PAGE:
Manny Parra, who was non-tendered by the Brewers in November, has agreed to a one-year deal with the Reds.
Parra was often a mess as a starter and didn’t exactly thrive shifting to the bullpen last season with a 5.06 ERA and terrible control, but he did manage 61 strikeouts in 59 innings and has some upside as a left-handed middle man.
Overall he has a 5.61 ERA since 2009, so at age 30 this is a big season for Parra’s career as he tries to prolong his stay in the majors as a reliever.
UPDATE: Ken Rosenthal of FOXSports.com says the deal is worth $1 million, plus another $400,000 in incentives. Not bad considering he made $1.3 million last year.
The Cubs’ defense — or lack thereof this year — has been a topic of conversation as it could help explain why the team hasn’t played at the elite level it played at last year.
Manager Joe Maddon tried to go into detail about that but ended up channeling his inner Rex Ryan. Via CSN Chicago’s Patrick Mooney.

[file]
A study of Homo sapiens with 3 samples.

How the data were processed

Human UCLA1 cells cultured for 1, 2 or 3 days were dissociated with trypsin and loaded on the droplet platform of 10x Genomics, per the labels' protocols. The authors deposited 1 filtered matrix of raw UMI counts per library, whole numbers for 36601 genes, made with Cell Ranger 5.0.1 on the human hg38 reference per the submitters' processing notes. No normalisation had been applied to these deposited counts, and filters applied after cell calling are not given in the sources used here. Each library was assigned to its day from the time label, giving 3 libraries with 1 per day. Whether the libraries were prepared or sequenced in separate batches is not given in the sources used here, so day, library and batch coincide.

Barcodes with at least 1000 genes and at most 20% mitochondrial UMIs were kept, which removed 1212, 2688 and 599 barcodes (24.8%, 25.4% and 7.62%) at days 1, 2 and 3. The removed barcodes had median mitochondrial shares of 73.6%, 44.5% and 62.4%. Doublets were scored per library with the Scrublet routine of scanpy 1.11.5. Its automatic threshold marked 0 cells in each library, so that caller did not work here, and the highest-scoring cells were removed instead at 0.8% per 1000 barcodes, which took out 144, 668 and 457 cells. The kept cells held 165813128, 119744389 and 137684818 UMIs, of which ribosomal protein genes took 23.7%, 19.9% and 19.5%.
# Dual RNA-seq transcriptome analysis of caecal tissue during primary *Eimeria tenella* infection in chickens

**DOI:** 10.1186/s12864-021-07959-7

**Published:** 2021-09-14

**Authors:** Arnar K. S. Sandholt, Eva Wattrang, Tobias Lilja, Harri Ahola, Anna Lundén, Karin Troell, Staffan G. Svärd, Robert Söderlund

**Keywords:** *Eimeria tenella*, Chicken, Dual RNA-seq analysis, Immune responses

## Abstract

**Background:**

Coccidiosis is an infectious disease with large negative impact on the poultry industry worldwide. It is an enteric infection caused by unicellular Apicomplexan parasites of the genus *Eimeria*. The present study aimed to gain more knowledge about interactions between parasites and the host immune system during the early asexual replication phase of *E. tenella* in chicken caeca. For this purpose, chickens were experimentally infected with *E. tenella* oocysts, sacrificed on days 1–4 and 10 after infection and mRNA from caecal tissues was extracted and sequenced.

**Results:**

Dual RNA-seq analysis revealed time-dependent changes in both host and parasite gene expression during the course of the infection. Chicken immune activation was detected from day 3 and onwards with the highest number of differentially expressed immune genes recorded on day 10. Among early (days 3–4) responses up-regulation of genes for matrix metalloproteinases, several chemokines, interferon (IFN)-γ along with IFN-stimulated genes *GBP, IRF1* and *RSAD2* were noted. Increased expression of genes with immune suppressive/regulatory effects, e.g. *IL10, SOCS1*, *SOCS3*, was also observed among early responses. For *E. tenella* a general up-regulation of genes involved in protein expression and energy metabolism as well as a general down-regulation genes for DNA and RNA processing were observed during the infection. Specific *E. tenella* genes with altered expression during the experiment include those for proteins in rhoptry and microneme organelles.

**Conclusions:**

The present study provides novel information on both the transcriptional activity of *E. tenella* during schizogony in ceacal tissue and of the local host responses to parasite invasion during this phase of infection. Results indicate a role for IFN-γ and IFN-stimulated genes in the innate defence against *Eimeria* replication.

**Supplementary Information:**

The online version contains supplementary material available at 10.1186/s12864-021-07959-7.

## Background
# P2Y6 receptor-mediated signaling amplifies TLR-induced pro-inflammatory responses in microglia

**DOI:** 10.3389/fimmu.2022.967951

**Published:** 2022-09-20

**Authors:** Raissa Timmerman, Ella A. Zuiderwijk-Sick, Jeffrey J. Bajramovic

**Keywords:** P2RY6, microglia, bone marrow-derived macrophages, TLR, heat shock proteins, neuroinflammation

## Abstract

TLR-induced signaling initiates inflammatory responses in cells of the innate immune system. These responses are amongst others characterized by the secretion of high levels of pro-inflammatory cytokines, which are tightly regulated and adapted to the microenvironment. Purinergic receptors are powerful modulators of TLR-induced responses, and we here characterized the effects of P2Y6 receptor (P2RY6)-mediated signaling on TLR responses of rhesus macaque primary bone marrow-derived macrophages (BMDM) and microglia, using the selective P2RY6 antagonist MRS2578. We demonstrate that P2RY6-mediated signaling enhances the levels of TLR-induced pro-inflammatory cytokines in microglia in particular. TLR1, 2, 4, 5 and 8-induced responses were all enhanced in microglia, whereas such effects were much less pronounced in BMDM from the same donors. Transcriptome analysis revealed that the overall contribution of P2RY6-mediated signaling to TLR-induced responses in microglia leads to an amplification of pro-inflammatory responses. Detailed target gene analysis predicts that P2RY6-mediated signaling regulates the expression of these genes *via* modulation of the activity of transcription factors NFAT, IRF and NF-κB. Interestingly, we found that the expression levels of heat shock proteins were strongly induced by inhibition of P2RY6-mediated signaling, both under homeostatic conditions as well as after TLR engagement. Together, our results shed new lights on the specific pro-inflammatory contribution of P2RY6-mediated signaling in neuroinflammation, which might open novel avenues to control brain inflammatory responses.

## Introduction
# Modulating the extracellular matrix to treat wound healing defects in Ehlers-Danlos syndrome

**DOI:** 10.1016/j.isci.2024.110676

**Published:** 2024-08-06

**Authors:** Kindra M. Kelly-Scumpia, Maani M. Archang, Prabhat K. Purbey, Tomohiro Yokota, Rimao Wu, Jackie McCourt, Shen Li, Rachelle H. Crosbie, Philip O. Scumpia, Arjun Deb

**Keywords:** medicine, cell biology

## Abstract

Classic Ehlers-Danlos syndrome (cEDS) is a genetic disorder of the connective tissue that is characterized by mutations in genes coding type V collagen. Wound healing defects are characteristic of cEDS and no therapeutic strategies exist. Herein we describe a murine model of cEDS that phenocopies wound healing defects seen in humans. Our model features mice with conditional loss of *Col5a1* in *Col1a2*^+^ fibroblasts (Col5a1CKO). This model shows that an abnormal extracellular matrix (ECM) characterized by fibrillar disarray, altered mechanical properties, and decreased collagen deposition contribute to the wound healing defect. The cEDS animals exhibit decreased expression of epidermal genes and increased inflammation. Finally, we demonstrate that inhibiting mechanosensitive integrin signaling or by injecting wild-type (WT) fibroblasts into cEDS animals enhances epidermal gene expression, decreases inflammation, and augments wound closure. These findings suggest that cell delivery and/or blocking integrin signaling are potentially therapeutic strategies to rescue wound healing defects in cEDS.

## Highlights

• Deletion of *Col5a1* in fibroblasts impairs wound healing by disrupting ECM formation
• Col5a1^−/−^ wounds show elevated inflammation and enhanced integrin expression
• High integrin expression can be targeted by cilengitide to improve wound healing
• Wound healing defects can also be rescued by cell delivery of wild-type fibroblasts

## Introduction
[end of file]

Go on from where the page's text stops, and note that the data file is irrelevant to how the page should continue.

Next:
If, in the future, Joe Ross ever complains about a lack of run support, point to his first four starts of the 2017 season.
Ross started on April 19 in Atlanta against the Braves, on April 25 in Colorado against the Rockies, on April 30 at home against the Mets, and on May 23 at home against the Mariners. In those games, the Nats’ offense scored 14, 15, 23, and 10 runs respectively for a total of 62 runs, or an average of 15.5 per start. Ross was the pitcher of record for seven, eight, 10, and 10 runs for a total of 35 runs (8.75 runs per start), which would still make him the major league leader in run support by that restrictive standard.
Among qualified starters — Ross did not qualify — entering Tuesday’s action, the Rockies’ Antonio Senzatela led the way according to ESPN, averaging 7.11 runs of support in nine starts. The Rockies scored double-digit runs in only three of those starts, oddly enough.
Per the Nationals, the 62 runs of support for Ross is a major league record in a pitcher’s first four starts of a season.